BBC UK reports (November 28, 2016) that with the higher water temperatures in 2016 the Great Barrier Reef in Australia (The worlds largest Barrier Reef) has suffered great consequences. Some 67% of corals died in the reef’s worst-hit northern section, the ARC Centre of Excellence for Coral Reef Studies report said. The situation was better in the central section, where 6% perished, while the southern reef is in good health. But scientists warn recovery could be difficult if climate change continues.
What is coral bleaching you might ask:
The algae who lives symbiotically with the corals, turns sunlight into food, and without the allege the coral will starve. Coral bleaching happens when water temperatures rise for a sustained period of time or due to water pollution. When this happens the coral gets stressed and the algae leaves the coral. The algae (zooxanthellae) living in the Coral tissues gives the coral its pretty colors. When the algae leaves the coral it causing the coral to turn completely white. This is called coral bleaching. When a coral bleaches, it is not dead. Corals can survive a bleaching event, but they are under more stress and are subject to mortality. Coral bleaching is what leads to the white, skeletal appearance of the coral, which is left without its main source of energy.The study also found that the coral which survived the bleaching have now come under greater threat from predators such as snails and crown of thorns starfish.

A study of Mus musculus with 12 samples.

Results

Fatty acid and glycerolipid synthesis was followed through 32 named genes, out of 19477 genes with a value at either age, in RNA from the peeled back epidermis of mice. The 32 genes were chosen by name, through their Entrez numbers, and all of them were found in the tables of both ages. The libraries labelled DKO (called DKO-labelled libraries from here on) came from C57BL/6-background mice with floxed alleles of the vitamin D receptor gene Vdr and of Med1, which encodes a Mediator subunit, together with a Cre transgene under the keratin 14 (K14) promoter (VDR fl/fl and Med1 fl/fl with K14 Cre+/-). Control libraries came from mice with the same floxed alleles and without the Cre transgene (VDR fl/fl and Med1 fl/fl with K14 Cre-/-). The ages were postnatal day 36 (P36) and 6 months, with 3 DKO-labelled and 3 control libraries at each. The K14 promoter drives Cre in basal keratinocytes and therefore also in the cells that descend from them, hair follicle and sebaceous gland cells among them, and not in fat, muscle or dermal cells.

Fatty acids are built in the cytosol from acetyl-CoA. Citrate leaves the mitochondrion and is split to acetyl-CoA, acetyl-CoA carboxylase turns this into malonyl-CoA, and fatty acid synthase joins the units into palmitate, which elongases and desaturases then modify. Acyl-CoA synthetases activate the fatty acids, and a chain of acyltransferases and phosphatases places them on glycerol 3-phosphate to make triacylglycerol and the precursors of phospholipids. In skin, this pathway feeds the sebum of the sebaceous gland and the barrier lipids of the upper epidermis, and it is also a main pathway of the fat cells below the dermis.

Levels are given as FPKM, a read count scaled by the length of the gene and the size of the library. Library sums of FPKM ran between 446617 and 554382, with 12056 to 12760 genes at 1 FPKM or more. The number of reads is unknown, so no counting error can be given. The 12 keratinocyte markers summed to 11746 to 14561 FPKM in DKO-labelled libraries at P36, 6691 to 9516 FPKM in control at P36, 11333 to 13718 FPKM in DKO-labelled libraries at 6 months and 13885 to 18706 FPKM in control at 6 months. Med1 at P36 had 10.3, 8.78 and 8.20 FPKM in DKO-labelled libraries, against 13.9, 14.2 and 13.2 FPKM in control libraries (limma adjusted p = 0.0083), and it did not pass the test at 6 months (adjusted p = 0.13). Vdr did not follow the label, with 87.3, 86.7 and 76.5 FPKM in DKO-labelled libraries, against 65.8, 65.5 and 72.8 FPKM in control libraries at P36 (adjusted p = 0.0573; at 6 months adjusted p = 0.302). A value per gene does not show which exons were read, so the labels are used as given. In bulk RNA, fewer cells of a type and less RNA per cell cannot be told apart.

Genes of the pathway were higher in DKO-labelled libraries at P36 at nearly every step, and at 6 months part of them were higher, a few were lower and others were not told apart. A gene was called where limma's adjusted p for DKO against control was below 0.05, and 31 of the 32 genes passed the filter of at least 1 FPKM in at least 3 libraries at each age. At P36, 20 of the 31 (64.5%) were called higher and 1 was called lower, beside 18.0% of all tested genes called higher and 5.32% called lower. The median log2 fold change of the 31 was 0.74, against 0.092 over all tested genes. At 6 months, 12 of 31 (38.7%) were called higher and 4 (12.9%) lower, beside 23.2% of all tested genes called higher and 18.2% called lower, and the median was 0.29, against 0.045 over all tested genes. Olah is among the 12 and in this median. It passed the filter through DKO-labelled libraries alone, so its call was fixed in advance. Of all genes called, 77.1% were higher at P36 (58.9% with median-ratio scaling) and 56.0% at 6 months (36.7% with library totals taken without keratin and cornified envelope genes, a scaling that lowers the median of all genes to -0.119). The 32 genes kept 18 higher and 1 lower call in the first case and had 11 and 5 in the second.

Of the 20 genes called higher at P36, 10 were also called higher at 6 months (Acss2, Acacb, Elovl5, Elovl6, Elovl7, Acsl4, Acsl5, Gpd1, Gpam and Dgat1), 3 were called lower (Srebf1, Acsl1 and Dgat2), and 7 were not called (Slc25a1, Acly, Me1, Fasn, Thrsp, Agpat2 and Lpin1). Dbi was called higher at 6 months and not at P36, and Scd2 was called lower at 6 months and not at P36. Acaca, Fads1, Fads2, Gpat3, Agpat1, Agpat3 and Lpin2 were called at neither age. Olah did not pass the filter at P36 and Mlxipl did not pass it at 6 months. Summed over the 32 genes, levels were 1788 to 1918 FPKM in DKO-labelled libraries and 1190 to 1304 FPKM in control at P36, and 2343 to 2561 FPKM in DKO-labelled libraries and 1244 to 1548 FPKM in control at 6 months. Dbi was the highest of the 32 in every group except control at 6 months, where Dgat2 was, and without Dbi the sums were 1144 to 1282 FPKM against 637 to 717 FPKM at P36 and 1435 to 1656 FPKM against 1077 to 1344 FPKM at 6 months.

This year’s mass bleaching was the worst-ever recorded on the Great Barrier Reef. For more information please watch the BBC link.
Sea Lily donates portion of our proceeds to coral replanting and ocean conservation. Please join the cause and either donate directly to ocean conservation organizations or purchase a Sea Lily garment.